Polysemy and homonymy • Polysemy refers to the phenomenon that a word has more than one meaning. face: the front of the head a surface of a thing a person's countenance a person • Homonymy refers to the phenomenon that two or more words have the same form, but have different meanings. lie: make an untrue statement. lie: put oneself in a resting position.
Polysemous • When a word is first coined, it is always the case (true) that it has only one meaning (monosemic). • But in the course of development, the same symbol may be used to express new meanings. The result is polysemy. • Polysemy shows the economy and efficiency of human languages. If it is impossible for one word to possess several senses, one would have to learn a large number of words to express ideas.
Two approaches to polysemy How does a word acquire new meanings? In What way are the meanings related to each other? Diachronic approach (历时） Synchronic approach（共时）
Diachronic approach • At the time when the word was created, it was endowed with only one meaning. • This first meaning is the primary meaning. • With the development of the language, more and more meanings become associated with the word. • These later meanings are called derived meaning, as they are derived from the primary meaning.
We can get the derived meanings by extension, narrowing, analogy, transfer, etc. Example: face a person (Derived Meaning) self-respect (Derived Meaning) outward appearance (Derived Meaning) the front of the head (Primary Meaning) countenance (Derived Meaning) the surface of a thing (Derived Meaning)
Diachronic approach • There are also instances in which the primary meaning gave birth to new meanings, and then the primary meaning disappeared. suffering (derived meaning) painpenalty (primary meaning) disease (derived meaning)
Synchronic approach • The development of the meaning of “gay” • Joyous, merry, happy • Bright, brilliant • Given to social life and pleasure • Wanton, licentious • homosexual • Synchronically, polysemy is viewed as the coexistence of several meanings of the same word in a particular period of time, say, Modern English. • The basic (most frequently occurring) meaning of a word is called the central meaning. The other meanings are secondary meaning. gay happy (secondary meaning) gayhomosexual (central meaning)
Synchronically, we are interested in the interrelation between the central meaning and the secondary meaning. • In most cases, the primary meaning (diachronically) and the central meaning (synchronically) coincide. • However, sometimes a derived meaning can become the central meaning.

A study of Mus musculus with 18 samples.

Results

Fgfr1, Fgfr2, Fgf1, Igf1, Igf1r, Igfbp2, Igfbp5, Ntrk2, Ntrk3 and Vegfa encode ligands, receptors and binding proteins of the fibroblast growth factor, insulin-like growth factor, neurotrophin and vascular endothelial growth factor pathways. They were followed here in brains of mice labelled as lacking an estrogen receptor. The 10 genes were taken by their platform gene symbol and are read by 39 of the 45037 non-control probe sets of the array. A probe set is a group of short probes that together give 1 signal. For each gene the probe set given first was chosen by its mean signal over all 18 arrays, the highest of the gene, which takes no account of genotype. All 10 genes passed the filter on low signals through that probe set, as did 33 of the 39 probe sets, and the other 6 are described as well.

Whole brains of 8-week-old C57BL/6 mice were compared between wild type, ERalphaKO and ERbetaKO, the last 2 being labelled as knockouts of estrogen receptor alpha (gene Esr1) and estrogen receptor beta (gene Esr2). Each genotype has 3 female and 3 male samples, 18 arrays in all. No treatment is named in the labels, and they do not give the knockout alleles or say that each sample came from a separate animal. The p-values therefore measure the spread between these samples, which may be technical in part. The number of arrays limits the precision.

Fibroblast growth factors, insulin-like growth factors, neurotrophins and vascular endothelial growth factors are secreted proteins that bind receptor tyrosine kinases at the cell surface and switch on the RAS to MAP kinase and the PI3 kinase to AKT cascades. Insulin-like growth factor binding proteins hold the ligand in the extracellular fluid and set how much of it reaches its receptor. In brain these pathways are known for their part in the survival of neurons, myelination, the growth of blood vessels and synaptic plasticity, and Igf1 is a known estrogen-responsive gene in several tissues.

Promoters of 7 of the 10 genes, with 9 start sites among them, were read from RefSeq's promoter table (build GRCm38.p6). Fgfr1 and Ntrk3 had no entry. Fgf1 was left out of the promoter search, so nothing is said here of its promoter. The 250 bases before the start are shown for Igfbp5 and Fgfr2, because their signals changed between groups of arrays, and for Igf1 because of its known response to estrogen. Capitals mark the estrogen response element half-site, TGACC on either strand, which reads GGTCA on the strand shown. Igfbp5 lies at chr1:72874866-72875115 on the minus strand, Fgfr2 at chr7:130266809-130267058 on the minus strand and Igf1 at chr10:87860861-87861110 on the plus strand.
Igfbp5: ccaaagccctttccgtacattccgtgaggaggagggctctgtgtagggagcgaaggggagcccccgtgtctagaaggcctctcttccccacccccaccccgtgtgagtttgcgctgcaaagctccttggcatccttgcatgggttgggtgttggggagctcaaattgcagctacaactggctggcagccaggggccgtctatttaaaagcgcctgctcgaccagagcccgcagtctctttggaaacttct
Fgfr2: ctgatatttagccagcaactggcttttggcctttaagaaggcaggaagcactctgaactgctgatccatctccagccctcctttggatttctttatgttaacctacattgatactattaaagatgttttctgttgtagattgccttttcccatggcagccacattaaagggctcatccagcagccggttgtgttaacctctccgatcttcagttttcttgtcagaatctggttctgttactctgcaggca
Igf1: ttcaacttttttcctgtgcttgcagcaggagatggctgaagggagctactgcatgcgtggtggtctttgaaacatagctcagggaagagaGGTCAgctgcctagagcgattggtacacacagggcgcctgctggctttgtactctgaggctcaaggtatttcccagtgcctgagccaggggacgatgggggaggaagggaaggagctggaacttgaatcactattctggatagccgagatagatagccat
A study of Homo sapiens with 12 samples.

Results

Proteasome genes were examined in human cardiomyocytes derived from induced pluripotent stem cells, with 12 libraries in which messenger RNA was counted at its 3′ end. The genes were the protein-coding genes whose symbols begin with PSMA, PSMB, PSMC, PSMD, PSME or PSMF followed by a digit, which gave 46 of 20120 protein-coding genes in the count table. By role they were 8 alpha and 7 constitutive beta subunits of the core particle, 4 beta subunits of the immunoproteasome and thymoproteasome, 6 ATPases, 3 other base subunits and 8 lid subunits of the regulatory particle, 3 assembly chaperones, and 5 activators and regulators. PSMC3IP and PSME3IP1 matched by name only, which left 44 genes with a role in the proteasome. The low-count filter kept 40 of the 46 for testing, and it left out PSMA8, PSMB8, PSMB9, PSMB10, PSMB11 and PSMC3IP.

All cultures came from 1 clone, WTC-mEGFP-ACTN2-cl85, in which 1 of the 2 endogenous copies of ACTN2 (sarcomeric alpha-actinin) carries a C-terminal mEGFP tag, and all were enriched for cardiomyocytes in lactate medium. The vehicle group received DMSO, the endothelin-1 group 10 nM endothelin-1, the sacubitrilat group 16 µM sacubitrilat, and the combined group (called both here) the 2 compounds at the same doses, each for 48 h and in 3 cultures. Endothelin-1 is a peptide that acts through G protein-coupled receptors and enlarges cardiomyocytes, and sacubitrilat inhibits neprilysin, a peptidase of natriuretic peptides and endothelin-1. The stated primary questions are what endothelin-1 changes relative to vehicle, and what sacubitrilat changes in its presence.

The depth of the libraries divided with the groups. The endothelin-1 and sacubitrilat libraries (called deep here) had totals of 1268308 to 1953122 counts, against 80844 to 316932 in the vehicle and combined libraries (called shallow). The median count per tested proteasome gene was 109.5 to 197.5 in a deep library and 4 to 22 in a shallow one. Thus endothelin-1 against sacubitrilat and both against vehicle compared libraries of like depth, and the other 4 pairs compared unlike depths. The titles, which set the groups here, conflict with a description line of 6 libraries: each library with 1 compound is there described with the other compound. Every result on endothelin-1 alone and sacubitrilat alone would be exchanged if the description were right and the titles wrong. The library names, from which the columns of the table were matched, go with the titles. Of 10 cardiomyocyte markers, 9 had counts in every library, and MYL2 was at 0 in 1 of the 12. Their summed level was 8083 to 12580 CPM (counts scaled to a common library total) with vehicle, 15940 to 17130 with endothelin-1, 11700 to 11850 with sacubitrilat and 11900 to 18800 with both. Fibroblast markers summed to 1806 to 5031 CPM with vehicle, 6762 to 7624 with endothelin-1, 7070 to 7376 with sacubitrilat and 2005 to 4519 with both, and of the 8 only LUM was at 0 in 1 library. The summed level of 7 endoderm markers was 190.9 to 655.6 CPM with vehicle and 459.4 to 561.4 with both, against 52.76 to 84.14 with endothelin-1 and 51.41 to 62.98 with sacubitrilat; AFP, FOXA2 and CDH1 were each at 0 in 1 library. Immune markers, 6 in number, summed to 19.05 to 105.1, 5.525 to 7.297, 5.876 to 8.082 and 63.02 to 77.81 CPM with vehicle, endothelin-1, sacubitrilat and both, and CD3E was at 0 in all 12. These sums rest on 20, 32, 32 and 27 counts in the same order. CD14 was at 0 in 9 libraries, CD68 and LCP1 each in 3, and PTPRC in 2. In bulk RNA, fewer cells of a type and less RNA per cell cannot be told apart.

Two processes leading to polysemy • There are two important processes in the development of meaning: • Radiation (发散) • Concatenation(串联)
Radiation • Radiation is a process in which the primary meaning stands in the center, and the derived meanings radiate from it in every direction like rays. • All the derived meanings can be traced back to the primary meaning. 7 6 2 1 5 3 4
Concatenation • Concatenation is a process in which the meaning of a word moves gradually from its primary meaning by successive shifts, like the links of a chain, until there is no connection between the meaning that is finally developed and the primary meaning. • Unlike radiation where each of the derived meaning is directly related to the primary meaning, concatenation is a process where each of the later meaning is related only to the preceding one. 1 5 6 2 3 4
Example: candidate A a person dressed in white A+B a white robed applicant for office (because the Romans wore white robes when standing for office) B a person taking an examination bridging context There is no connection between A and B, because the middle link (A+B) has vanished. The primary meaning A has also vanished. Now the derived meaning has become the central meaning.
Homonymy (同形/同音不同义） • In English, there are many pairs or groups of words, which have different meanings, but have the same spelling or the same pronunciation. • Such words are called homonyms. tear: n. tear: vt.
Types of homonymy • Perfect homonyms; Homographs; Homophones • Perfect homonyms: words identical in both sound and spelling, but different in meaning lie: vi. lie: vi. bank: n. bank: n. bear: n. bear: vt.
Types of homonymy • Homographs: words identical only in spelling but different in sound and meaning. bow: vi. to bend one’s head as a greeting bow: n. the device used for shooting arrows sow: n. female pig sow: vi. to scatter seeds perfect: v. /- ’-/ perfect: adj. /’- -/
Types of homonymy • Homophones: words identical only in sound but different in spelling and meaning. son deer right sun dear write pair stationary pear stationery
Differentiation of perfect homonyms from polysemous words • Both perfect homonyms and polysemous words have this property: the same form (spelling and pronunciation), but different meanings. • How can we differentiate them? the same lexeme which has several different meanings having different sources perfect homonyms polysemous words developed from the same source different lexemes which have the same form
The use of polysemy and homonymy • One of the most common writing techniques is “punning”, using puns to achieve certain literary effect, such as humor, irony, etc. Polysemous words and homonyms are often used as puns. • Lewis Carroll’s Alice’s Adventure in Wonderland “how is bread made?” “I know that!” Alice cried eagerly. “You take some flour-.” “Where do you pick the flower?” the White Queen asked. “In a garden, or in the hedges?” “Well, it isn’t picked at all,” Alice explained: “it’s ground-.” “How many acres of ground?” said the White Queen.